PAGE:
JERUSALEM (AP) Israeli Prime Minister Ariel Sharon has approved bids for construction of 1,000 homes in Jewish West Bank settlements after freezing them earlier this month, amid growing friction with the United States over continued settlement expansion.
The planned construction violates the internationally backed "road map" plan, accepted by Israel, which calls for a construction freeze. "Israel has accepted the road map and all its stipulations and we expect it to abide by them," U.S. Embassy spokesman Paul Patin said Tuesday.

However, Israeli government officials insisted the bids had tacit U.S. blessing. "It (the new construction) is within the guidelines of the government and the agreements with the Americans," said a senior Israeli government official, speaking on condition of anonymity.

Palestinian Cabinet minister Saeb Erekat urged President Bush to intervene immediately, and pressure the Israelis to live up to their obligations. "I think this (the construction) is destroying the road map," Erekat said.

The homes are to be built in six West Bank settlements Karnei Shomron, Ariel, Geva Benyamin, Maaleh Adumim, Kiryat Arba and Beitar Illit. Sharon has said he wants to annex large West Bank settlement blocs to Israel as part of a future peace deal.

In April, Bush said it was "unrealistic" to expect Israel to withdraw from all the West Bank and dismantle large population centers in a peace agreement with the Palestinians. This was seen by Israel as a green light to continue expanding large settlement blocs.

Housing Ministry spokesman Kobi Bleich said that the six settlements earmarked for expansion are within "the Israeli consensus," meaning they are among those Israel plans to keep in any scenario. "All the relevant authorizations have been received," Bleich said of the construction bids.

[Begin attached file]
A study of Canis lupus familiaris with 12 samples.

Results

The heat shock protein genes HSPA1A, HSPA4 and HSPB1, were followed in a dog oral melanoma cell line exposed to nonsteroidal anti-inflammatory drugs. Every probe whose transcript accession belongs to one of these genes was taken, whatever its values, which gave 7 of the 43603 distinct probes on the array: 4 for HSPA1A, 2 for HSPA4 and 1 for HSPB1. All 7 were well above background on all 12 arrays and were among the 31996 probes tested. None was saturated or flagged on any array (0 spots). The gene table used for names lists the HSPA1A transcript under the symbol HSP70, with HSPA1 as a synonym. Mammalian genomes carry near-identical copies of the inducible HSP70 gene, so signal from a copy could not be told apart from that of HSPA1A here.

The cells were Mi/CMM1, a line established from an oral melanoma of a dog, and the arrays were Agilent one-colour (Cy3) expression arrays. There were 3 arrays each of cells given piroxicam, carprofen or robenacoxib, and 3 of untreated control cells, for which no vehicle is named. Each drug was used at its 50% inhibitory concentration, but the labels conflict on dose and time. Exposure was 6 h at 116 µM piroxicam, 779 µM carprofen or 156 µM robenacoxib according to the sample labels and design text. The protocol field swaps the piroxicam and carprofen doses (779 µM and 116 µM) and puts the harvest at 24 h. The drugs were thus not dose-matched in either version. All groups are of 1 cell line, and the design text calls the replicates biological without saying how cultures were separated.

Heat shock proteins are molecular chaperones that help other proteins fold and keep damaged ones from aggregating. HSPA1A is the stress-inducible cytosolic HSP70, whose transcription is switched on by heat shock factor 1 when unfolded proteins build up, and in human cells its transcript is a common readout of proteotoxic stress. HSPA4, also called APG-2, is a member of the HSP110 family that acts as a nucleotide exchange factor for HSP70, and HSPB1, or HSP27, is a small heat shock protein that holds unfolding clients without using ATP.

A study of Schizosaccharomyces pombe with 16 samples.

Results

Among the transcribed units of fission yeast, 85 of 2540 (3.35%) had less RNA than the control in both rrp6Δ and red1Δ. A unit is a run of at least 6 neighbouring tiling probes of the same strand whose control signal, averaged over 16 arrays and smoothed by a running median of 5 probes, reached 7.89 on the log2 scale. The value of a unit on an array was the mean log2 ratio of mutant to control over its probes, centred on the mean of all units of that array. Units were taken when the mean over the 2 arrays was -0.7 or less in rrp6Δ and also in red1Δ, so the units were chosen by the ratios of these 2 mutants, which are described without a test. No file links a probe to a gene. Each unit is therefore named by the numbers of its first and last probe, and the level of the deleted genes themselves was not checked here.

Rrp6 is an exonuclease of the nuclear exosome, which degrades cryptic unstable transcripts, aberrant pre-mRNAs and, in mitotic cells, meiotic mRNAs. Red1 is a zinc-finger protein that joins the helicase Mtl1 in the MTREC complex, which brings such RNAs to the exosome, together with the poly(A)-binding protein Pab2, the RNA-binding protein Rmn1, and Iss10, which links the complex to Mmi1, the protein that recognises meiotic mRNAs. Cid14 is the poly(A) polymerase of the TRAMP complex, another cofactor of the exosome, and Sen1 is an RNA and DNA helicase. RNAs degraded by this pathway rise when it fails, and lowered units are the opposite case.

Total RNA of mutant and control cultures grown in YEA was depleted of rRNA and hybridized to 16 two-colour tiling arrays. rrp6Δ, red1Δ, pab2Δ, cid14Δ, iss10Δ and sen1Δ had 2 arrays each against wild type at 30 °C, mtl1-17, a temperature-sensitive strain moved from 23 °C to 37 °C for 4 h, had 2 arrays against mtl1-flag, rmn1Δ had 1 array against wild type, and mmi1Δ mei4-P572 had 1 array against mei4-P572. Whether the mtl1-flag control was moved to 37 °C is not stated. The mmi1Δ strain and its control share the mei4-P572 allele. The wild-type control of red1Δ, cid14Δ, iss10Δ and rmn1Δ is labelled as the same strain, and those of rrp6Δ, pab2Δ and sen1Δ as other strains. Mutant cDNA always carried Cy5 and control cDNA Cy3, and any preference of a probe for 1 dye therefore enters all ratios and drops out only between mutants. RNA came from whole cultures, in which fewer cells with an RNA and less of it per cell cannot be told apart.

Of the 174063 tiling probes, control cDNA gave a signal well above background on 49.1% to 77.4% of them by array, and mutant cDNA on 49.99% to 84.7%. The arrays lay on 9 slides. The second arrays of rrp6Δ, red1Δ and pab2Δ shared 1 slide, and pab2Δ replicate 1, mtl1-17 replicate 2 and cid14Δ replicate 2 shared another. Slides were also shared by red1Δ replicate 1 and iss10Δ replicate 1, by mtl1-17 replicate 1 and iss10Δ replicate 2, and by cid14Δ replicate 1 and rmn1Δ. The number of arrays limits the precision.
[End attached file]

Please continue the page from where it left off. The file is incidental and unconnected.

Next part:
Earlier this month, Sharon temporarily suspended the bids, asking that construction plans be checked. At the time, Sharon's decision was seen, in part, as an attempt to defuse growing tensions with the United States over continued settlement expansion.

Sharon's decision to issue the bids came a day before what was expected to be a stormy convention of his hardline Likud Party. Many party members are opposed to Sharon's efforts to bring the moderate Labor Party into his fragile government, and are to vote on the issue Wednesday.

Sharon could easily lose the vote, and the construction bids could help Sharon win over some of the hard-liners who fear an alliance with Labor would prompt the government to make too many concessions to the Palestinians.

The Israeli government adopted the road map in May 2003, but it never got off the ground, as both Israel and the Palestinians failed to fulfill their obligations.

In a related development, U.S. officials confirmed that the United States is sending a delegation to inspect the status of Israel's unauthorized settlement outposts in the West Bank, and to push for the dismantling of the enclaves an Israeli commitment under the road map.

The United States has shown increasing impatience with Israel's slow pace in removing the outposts, which Washington and the Palestinians criticize as seeds of future settlements on land claimed by the Palestinians. Some of the enclaves consist only of a few mobile homes, while others have permanent buildings and paved roads and have been hooked up to the electricity grid.

Patin said no date had been set for the American delegation's arrival.

Peace Now, an Israeli group opposed to Jewish settlements, says the road map requires Israel to dismantle 53 settlement outposts roughly twice the number it acknowledged in a list presented to American officials in June.

Israel has dismantled a few outposts, most of them uninhabited. Peace Now estimates that about 1,500 settlers live in the enclaves.

In Wednesday's Likud convention, 3,000 members of the party's Central Committee will be asked to approve Sharon's efforts to include Labor. Likud hard-liners fear a Likud-Labor alliance would enable Sharon to push ahead with his plan to withdraw from the Gaza Strip and four West Bank settlements by 2005.

Sharon has warned he may have to call early elections if he is unable to expand his government. He lost his parliamentary majority earlier this summer, with hardliners defecting over the Gaza withdrawal plan.

In new violence Tuesday, two Palestinian militants affiliated with an offshoot of Yasser Arafat's Fatah organization were killed near a Jewish settlement in the southern Gaza Strip, a spokesman for the group said.

The spokesman for the Ahmed Abu Rish Brigades said the men were killed by Israeli forces while on "a holy mission" near the settlement of Atzmona. Israeli military sources said soldiers had fired at two men preparing to place an explosive device just outside the settlement.

Copyright 2004 The Associated Press.